Craig Smith and Paul King present their experiments with new Agile ideas leading them to better results, increased productivity and quality.
Williams and Stout share their recent experience with a large distributed team, the planning hurdles they encountered and how they passed them, and their recommendation: avoid large distributed teams.
Michael Mah analyzes the development process in 5 companies: 2 Agile (one of them BMC) and 3 classic. He presents the factors which contributed to the success of BMC's Agile adoption.
Scott talks about software craftsmanship represented by people responsible for their work, continuously learning, taking pride in their work, sharing knowledge and respecting professional standards.
Mishkin Berteig presents how a 2-days iteration led to a crisis which in turn forced those involved to realize the importance and necessity of task prioritization.
In this presentation filmed during Agile 2008, Mitch Lacey talks about a real life project that was on the verge of being successful, but was deemed as unsuccessful by the customer.
Choosing the right features can make the difference between success and failure. Mike Cohn presented 'Prioritizing your Project Backlog' on how to organize/prioritize a project backlog.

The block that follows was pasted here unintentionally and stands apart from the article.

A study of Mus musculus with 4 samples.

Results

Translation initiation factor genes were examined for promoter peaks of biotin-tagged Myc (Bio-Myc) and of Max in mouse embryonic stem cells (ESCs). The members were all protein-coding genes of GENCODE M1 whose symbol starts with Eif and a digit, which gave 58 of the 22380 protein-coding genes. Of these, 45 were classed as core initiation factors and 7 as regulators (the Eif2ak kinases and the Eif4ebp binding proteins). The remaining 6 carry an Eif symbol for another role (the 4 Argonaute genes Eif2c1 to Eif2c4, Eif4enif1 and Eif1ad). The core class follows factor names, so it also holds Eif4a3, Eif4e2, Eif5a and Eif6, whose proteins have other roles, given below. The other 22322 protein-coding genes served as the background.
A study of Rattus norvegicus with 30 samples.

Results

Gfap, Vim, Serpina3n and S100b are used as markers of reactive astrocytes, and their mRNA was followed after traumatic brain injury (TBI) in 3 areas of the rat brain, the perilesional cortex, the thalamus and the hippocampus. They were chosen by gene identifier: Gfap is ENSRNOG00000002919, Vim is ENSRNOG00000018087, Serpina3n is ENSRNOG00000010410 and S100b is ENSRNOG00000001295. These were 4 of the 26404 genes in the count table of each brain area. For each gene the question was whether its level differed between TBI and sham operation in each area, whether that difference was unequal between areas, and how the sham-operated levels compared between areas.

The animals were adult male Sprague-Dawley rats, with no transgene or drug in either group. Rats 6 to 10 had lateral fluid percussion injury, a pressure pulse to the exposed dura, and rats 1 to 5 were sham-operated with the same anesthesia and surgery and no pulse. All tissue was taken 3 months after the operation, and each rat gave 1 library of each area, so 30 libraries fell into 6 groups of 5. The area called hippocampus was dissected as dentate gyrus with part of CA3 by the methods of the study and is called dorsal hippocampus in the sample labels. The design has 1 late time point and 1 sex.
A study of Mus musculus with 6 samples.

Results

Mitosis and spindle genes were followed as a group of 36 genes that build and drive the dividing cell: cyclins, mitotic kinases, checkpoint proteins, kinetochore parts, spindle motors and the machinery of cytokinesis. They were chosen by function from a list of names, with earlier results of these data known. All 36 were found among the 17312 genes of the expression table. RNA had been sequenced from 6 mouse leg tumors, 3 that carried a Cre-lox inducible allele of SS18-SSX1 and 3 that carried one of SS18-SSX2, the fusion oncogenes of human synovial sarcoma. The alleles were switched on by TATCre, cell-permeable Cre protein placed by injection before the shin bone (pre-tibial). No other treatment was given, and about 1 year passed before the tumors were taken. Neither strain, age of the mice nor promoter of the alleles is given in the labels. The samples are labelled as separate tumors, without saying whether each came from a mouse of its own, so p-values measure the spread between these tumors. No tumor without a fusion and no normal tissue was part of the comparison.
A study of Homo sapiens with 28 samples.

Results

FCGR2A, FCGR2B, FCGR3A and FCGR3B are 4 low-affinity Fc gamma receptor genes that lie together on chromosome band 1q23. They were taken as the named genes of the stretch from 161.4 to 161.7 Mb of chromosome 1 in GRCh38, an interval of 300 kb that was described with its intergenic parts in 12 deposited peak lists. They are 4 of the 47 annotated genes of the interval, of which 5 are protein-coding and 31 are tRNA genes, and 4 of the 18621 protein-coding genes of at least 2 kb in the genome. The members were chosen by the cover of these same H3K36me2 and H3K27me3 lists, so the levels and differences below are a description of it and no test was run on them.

Scott Ambler talks about actual data resulting from surveys made during 2006-2008, showing how Agile is perceived and implemented within organizations.
Tim Mackinnon talks about the aspirations behind the Agile principles and practices, the desire to become efficient, to write quality code which does not end up being thrown away.
David Anderson talks about the history of Agile, the current status of it and his vision for the future. The role of Agile consists in finding ways to implement its principles.
Henrik Kniberg talks about 10 possible reasons to fail while doing Scrum and XP. Maybe the team does not have a definition of what Done means to them, or they don't know what their velocity is.
Jeffries and Hendrickson derive Agile practices from the natural laws of software development. They don't just say "Be Agile!", but they explain why Agile practices make perfect sense.